Auto-immune conditions¬†occur painfully (literally) frequently for autistic people. I don’t claim to know why; I’m not a scientist, and I dare not go down that rabbit hole otherwise I may never re-emerge! Auto-immune conditions are thought to be triggered by the body having to cope with chronic stress. As neurodivergent people typically experience very high stress levels coursing through our bodies on a daily basis, it is not a surprise that auto-immune disorders would be an unfortunate feature for many of us.

All I can say is that I know this to be true from first-hand experience (my auto-immune disease kicked in during the last year of my degree and is always flares up during periods when I am going through more stress than usual. The experiences of the autistic people in my communities also confirm that auto-immune disorders are rife for us. In fact, I had a mutual infodump with a lovely autistic friend of mine only the other day, as we joyfully/painfully listed our various auto-immune conditions and drugs.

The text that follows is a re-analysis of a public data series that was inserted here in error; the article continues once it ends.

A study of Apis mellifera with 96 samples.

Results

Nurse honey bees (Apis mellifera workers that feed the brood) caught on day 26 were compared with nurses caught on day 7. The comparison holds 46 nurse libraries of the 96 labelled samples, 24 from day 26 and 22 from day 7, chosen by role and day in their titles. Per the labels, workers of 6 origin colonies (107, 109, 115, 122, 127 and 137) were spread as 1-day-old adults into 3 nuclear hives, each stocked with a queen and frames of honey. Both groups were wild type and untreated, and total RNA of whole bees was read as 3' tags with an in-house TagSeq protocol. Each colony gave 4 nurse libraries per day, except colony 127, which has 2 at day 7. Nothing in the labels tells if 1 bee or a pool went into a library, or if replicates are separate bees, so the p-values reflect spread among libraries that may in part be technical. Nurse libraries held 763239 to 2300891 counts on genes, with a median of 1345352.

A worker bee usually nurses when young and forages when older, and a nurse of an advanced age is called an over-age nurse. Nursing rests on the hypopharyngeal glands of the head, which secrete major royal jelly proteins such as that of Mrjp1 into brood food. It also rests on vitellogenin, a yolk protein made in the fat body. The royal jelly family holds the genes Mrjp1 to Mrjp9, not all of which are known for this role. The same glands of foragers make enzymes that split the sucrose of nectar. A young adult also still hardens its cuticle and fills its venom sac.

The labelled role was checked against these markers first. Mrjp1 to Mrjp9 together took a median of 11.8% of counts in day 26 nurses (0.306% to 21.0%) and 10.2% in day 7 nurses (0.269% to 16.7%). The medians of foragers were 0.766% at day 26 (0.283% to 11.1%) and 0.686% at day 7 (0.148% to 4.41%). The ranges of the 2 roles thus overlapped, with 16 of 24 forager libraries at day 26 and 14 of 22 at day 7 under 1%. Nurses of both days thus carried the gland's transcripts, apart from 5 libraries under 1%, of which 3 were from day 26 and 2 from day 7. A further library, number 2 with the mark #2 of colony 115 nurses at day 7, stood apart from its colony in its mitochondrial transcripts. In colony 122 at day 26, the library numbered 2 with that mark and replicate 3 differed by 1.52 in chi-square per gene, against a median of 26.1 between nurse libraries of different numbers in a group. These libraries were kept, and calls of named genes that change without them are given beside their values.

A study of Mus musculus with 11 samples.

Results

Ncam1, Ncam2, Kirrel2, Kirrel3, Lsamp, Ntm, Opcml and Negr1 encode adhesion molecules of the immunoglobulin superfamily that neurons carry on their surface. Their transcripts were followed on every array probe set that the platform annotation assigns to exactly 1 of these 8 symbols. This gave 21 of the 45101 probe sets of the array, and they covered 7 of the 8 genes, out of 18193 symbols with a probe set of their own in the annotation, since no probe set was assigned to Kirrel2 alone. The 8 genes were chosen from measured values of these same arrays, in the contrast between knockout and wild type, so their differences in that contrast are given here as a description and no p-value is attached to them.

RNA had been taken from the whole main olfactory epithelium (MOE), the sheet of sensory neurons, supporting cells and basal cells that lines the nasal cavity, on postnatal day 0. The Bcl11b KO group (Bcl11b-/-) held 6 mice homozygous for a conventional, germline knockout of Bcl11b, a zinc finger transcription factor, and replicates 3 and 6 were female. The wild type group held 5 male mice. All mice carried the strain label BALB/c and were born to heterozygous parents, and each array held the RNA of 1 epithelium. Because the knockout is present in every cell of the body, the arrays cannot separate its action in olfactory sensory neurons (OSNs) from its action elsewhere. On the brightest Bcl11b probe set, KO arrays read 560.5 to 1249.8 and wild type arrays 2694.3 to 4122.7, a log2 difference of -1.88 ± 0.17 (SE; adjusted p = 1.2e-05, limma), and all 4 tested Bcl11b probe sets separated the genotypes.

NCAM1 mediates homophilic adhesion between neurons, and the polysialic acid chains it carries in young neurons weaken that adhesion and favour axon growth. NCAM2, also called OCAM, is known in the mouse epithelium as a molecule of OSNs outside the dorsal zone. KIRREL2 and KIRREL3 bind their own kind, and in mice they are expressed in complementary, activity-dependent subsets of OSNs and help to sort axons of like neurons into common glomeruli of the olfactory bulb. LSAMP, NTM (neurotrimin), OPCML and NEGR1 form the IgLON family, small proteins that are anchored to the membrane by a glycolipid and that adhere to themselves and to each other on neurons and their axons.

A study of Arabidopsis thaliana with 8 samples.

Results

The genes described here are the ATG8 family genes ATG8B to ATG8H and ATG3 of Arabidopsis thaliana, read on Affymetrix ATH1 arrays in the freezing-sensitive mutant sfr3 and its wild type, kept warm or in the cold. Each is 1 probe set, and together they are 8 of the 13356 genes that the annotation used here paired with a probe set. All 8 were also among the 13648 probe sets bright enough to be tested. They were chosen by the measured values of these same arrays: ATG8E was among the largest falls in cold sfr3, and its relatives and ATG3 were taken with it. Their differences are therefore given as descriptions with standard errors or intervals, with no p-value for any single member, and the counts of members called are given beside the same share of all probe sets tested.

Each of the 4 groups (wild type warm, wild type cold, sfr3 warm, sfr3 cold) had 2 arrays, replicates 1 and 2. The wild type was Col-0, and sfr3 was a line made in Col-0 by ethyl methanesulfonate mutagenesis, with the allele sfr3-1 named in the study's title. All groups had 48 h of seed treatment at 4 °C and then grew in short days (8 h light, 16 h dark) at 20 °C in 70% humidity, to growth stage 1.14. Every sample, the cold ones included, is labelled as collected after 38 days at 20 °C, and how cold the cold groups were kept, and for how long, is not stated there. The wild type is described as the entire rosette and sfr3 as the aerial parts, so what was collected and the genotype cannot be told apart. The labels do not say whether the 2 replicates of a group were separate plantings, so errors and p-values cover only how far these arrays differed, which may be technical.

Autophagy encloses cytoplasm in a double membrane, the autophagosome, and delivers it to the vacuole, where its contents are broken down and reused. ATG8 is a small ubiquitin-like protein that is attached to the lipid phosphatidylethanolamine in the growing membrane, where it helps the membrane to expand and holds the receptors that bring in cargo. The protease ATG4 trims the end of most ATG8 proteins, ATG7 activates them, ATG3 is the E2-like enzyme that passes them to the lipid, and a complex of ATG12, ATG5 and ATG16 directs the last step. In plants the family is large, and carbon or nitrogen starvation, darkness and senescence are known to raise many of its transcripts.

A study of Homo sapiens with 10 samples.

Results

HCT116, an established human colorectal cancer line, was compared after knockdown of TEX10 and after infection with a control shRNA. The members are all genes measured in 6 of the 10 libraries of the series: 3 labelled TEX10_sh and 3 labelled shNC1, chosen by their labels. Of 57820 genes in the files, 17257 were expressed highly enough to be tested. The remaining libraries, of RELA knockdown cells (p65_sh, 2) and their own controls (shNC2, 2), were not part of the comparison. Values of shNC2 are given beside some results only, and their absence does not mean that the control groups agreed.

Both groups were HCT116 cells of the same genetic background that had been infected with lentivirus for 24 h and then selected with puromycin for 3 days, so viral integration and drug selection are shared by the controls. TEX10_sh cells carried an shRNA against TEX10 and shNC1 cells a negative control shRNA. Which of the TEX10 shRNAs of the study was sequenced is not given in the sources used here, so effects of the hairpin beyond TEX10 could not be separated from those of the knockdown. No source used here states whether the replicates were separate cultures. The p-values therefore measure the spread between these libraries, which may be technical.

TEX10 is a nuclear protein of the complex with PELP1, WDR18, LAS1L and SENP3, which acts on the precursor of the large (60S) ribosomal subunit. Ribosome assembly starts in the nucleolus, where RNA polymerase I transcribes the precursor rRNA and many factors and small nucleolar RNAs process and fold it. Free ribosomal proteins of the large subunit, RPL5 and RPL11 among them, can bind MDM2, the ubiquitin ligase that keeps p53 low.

The list of possible auto-immune diseases that can be co-occurring conditions for autistic people is vast. I’m not going to list them all but they include rheumatoid arthritis, celiac disease, type 1 diabetes, Sjogren’s syndrome, ankylosing spondylitis, multiple sclerosis, lupus, psoriasis and Addison’s disease.

As my initial rheumatologist told me, 25 years ago, ‘rheumatology is an art, not a science’. I’m still¬†not sure how reassuring or reliable that statement was! All I can say is that during that time I have had my own diagnosis changed three times for the same symptoms, from the list of examples I’ve given above. At this stage I just take the drugs when I’m desperate and I can’t say I take any of their diagnoses as being accurate or permanent!